Johanna Konta does not do getting carried away. About tennis anyway. Gelato is a totally different matter.
While the whole of British tennis was captivated by Konta’s stunning run to the semi-finals of the Australian Open in January, the woman herself insisted she felt no different than the previous year, when she was ranked 144th and lost in the first round of qualifying.
“Both times I was looking forward to going home to see my family,’’ she said. “That remains the same. I go home to see my parents, spend some time in my own bed.’’
Konta’s remarkable rise has lifted her 129 places in the rankings in a year.
Last year she needed a wild card to get into Wimbledon and suffered her fourth first-round defeat.
This year, she will be seeded 16th having last week become the first British woman since Jo Durie in 1983 to reach the world’s top 20.
Konta, born in Australia to Hungarian parents and resident in Eastbourne since the age of 14, has all the attributes of a top tennis player.
Tall and athletic with good movement, a strong serve and excellent ball striking, there was no doubt she had been under-achieving.
The key was the mental side of the game. Konta had struggled to perform her best at the high-pressure moments but, with the help of psychologist Juan Coto – a Spaniard like her coach Esteban Carril – the 25-year-old found her inner calm.
Konta realised her happiness could not depend on whether or not she won tennis matches. She talks of an epiphany moment playing at a low-key tournament in the USA last year when she was ranked closer to 200 than 100.
“I thought, you know what, if I stay here for the rest of the year, I’ll still be really happy,’’ the ice cream-loving Brit said. “I come out here and there’s blue skies, wonderful weather and great food.’’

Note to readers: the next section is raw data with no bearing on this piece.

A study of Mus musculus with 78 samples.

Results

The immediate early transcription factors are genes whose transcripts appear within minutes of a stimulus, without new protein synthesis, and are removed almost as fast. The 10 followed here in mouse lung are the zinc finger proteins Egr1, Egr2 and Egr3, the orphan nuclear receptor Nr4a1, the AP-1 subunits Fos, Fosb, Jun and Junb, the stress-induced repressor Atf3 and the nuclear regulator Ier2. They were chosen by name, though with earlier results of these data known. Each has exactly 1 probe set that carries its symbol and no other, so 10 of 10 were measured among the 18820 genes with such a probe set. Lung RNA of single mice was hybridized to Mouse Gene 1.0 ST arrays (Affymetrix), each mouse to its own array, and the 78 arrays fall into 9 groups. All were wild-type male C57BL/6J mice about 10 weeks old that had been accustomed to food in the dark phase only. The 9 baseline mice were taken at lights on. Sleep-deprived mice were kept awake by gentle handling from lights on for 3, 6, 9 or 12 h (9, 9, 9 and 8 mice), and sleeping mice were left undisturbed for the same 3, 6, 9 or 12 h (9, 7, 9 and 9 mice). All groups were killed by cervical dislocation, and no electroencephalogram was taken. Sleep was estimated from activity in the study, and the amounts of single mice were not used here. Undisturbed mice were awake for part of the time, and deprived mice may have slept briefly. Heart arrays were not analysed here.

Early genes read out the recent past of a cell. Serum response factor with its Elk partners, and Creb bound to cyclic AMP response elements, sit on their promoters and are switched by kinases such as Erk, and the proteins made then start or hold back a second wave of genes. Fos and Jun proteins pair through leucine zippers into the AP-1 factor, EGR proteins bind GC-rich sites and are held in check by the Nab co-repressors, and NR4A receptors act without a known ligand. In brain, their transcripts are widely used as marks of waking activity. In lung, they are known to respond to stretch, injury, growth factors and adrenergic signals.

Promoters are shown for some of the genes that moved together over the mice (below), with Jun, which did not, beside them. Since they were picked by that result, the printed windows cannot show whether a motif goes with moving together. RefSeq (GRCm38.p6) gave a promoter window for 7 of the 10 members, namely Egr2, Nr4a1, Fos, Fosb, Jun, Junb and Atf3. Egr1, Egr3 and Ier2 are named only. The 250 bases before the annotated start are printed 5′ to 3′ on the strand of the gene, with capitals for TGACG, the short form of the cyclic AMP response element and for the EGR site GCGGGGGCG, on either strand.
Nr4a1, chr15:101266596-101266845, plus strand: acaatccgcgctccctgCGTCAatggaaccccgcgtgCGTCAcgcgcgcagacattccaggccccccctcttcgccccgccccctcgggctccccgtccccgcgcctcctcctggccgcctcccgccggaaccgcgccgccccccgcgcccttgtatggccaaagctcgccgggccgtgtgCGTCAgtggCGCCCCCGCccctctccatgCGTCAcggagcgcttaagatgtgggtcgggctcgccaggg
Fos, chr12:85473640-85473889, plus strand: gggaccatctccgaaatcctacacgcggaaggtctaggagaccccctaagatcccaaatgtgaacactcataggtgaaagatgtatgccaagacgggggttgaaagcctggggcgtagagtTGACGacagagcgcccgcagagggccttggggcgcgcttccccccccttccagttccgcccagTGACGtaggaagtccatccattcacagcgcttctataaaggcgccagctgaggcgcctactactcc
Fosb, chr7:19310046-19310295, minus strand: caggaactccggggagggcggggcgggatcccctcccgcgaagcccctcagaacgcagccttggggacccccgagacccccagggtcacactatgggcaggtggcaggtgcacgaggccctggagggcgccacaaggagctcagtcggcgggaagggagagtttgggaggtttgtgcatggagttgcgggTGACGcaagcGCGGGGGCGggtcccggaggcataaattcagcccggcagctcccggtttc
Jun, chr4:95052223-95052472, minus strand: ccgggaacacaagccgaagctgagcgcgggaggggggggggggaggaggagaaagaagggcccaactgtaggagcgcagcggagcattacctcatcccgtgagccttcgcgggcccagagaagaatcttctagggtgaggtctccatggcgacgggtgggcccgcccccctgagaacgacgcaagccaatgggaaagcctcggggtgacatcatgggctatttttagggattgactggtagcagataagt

Her rise began in June last year when she reached the quarter-finals at Eastbourne then, after losing to Maria Sharapova at Wimbledon, she won 16 straight matches culminating in a fourth-round appearance at the US Open.
Her scalps included Garbine Muguruza, who had reached the Wimbledon final, before Petra Kvitova finally ended her run.
All of which means the British public will view Konta very differently than the last time she rocked up at the All England Club as just another home hopeful.
The woman herself, of course, sees it just the same.
“Pressure is very much an external thing,’’ she said. “I just enjoy what I do. I am not going to win every single tennis match that I play but, as long as I keep myself healthy and keep my levels of enjoyment where I want them to be, then I give myself the best chance of competing the way I want to.
“It’s in my own interest to take what I want from the match. It’s not in my best interests to be down on myself and pity myself when I lose.
“Tennis is an interesting one. You are going to lose every single week you play unless you win the event, so you might as well get used to bouncing back from that and staying as level as possible whether you are winning or not.”